No strategic relations between Belarus and United States in near future
The US has security concerns about the so-called NATO’s Eastern Flank. Belarus’ stance in this regard has crucial importance. US Deputy Assistant Secretary of Defence Dr. Michael Carpenter visited Belarus to talk about security of American allies in the region, rather than support Lukashenka. There is no breakthrough in Belarusian-American relations, yet. Washington, however, assesses Belarus’ place and options in the regional security system.
After the Ukrainian crisis broke out, marking the collapse of the regional security system, the Baltic states and Poland have felt particularly vulnerable amid potential threat from Moscow. In particular, given Old Europe’s hesitancy to take a harsh action against expansionist efforts of the Kremlin. In this regard, Washington’s responsibility vis-a-vis its allies in the east of the EU has increased significantly. During Lukashenka’s rule, many westerners have mistakenly treated Belarus as Russian estate, and Lukashenka as a Russian puppet. However, Minsk’s position in the Russo-Ukrainian war has demonstrated relative independence of the Belarusian authorities in the area of international relations and regional security.
During his visit to Minsk, Dr. Carpenter met with the Belarusian Foreign and Defence Ministers, as well as with the president himself. The status of the US Deputy Assistant Secretary of Defence corresponds to the status of Deputy Minister in Belarus. A personal meeting with Lukashenka therefore has confirmed the importance the Belarusian authorities have attached to the US delegation visit.
Interestingly, the US visit was widely covered by the local media, while it remained unnoticed within the Pentagon. At least, there were no official reports about it. Presumably, the visit was a routine one.
According to scarce media reports, the American delegation was interested in safety of its NATO allies and in assessing threats from the expansion of the Russian military presence in Belarus (which is currently rather limited).
On his part, the Belarusian president promoted a broad agenda of American-Belarusian dialogue, which went beyond NATO’s Eastern Flank and aimed to:
- advocate for the US direct involvement in resolving the Ukrainian crisis, and consequently, align a new regional security system with the participation of the USA;
- restrict NATO activity in the region, which provokes Russian pressure on the Belarusian authorities in terms of the deployment of Russian troops in Belarus;
- begin a political dialogue between Minsk and Washington in order to restore full relations between the two countries.
In this view, Lukashenka’s statement about the CSTO, i.e. that Belarus would not send her troops anywhere, should be regarded as a signal by the US. This statement essentially disavowed the CSTO as a military alliance.
During the visit, the American delegation proposed to exchange military attachés, which should not be regarded as a sign of US special interest in normalizing relations with Belarus. The United States are interested in stability in the region. And Belarus is only a part of this wider interest. A necessary precondition for regional security is communication with local governments and monitoring of the overall situation in the region and in Belarus in particular. Communication is done inter alia by delegations and monitoring by diplomats and military attachés.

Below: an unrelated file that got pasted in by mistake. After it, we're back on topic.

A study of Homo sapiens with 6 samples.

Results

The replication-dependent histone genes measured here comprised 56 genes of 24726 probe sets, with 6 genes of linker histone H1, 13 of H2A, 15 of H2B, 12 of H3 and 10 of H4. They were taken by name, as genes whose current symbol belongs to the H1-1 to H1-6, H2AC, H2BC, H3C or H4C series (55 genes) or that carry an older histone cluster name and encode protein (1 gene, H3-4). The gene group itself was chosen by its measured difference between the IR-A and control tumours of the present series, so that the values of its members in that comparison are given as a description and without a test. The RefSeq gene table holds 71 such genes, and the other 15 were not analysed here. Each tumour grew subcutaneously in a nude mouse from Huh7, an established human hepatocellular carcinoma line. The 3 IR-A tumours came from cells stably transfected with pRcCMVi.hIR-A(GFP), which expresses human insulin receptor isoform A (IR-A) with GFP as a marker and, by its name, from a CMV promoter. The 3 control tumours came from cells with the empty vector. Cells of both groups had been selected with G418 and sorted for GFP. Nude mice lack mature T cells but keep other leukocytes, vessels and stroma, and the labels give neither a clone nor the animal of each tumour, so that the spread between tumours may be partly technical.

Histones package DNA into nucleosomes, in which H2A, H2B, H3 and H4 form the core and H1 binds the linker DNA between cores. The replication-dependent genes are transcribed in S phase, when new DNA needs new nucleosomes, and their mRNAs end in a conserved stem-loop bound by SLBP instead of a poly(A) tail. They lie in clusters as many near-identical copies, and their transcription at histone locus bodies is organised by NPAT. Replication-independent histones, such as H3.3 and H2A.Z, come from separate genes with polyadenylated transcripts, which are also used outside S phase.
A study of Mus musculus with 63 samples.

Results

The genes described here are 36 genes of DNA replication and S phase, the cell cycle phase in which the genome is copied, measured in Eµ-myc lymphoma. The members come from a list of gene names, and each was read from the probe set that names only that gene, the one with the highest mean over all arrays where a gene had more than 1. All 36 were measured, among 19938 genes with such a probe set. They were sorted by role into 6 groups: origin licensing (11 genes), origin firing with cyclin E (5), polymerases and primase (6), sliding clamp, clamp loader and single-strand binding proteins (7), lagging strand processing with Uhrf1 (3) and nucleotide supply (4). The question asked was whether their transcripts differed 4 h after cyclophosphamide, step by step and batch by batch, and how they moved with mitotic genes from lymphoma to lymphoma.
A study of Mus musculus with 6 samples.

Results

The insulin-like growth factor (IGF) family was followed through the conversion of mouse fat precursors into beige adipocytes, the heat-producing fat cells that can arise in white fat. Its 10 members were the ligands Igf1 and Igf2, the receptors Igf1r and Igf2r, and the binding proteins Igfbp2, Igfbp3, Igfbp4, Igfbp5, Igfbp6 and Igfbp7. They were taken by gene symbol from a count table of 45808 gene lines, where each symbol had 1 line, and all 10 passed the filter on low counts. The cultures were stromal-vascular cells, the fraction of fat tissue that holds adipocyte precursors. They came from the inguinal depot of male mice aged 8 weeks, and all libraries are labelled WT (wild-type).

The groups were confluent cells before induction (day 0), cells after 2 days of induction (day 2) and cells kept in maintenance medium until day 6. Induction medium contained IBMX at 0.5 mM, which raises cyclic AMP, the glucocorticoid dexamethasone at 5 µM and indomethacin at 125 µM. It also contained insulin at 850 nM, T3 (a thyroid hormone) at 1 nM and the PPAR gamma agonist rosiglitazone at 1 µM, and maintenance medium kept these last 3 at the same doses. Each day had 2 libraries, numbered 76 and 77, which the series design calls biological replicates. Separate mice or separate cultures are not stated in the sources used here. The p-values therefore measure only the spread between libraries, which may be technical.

Minsk should not be deceitful: Washington is only interested in relations with Belarus as far as they help ensuring their interests in the region and the Belarusian regime interests Americans exactly until it behaves consistently with the current needs of the United States. While the US delegation visit was important, and the exchange of military attachés would certainly bring positive effects, it would be premature to talk about a breakthrough in relations with the United States, due to the lack of a strategy for Belarus in Washington.
The Belarusian authorities regard the Catholic conference as yet another international event to promote Minsk as a global negotiating platform. Minsk’s proposal to organise a meeting between the Roman-Catholic Church and the Russian Orthodox Church is rather an image-making undertaking than a serious intention. However, the authorities could somewhat extend the opportunities for the Roman-Catholic Church in Belarus due to developing contacts with the Catholic world.
Minsk is attempting to lay out a mosaic from various international religious, political and sportive events to shape a positive image of Belarus for promoting the Helsinki 2.0 idea.
Belarus’ invitation to the head of the Holy See for a meeting with the Patriarch of the Russian Orthodox Church should be regarded as a continuation of her foreign policy efforts in shaping Minsk’s peacekeeping image and enhancing Belarus’ international weight. The Belarusian authorities are aware that their initiative is unlikely to find supporters among the leadership of the Russian Orthodox Church in Moscow. In Russia, isolationist sentiments prevail.
In addition, for domestic audiences, the authorities make up for the lack of tangible economic growth with demonstrations of growth in Minsk’s authority at international level through providing a platform for religious, sportive and other dialogues.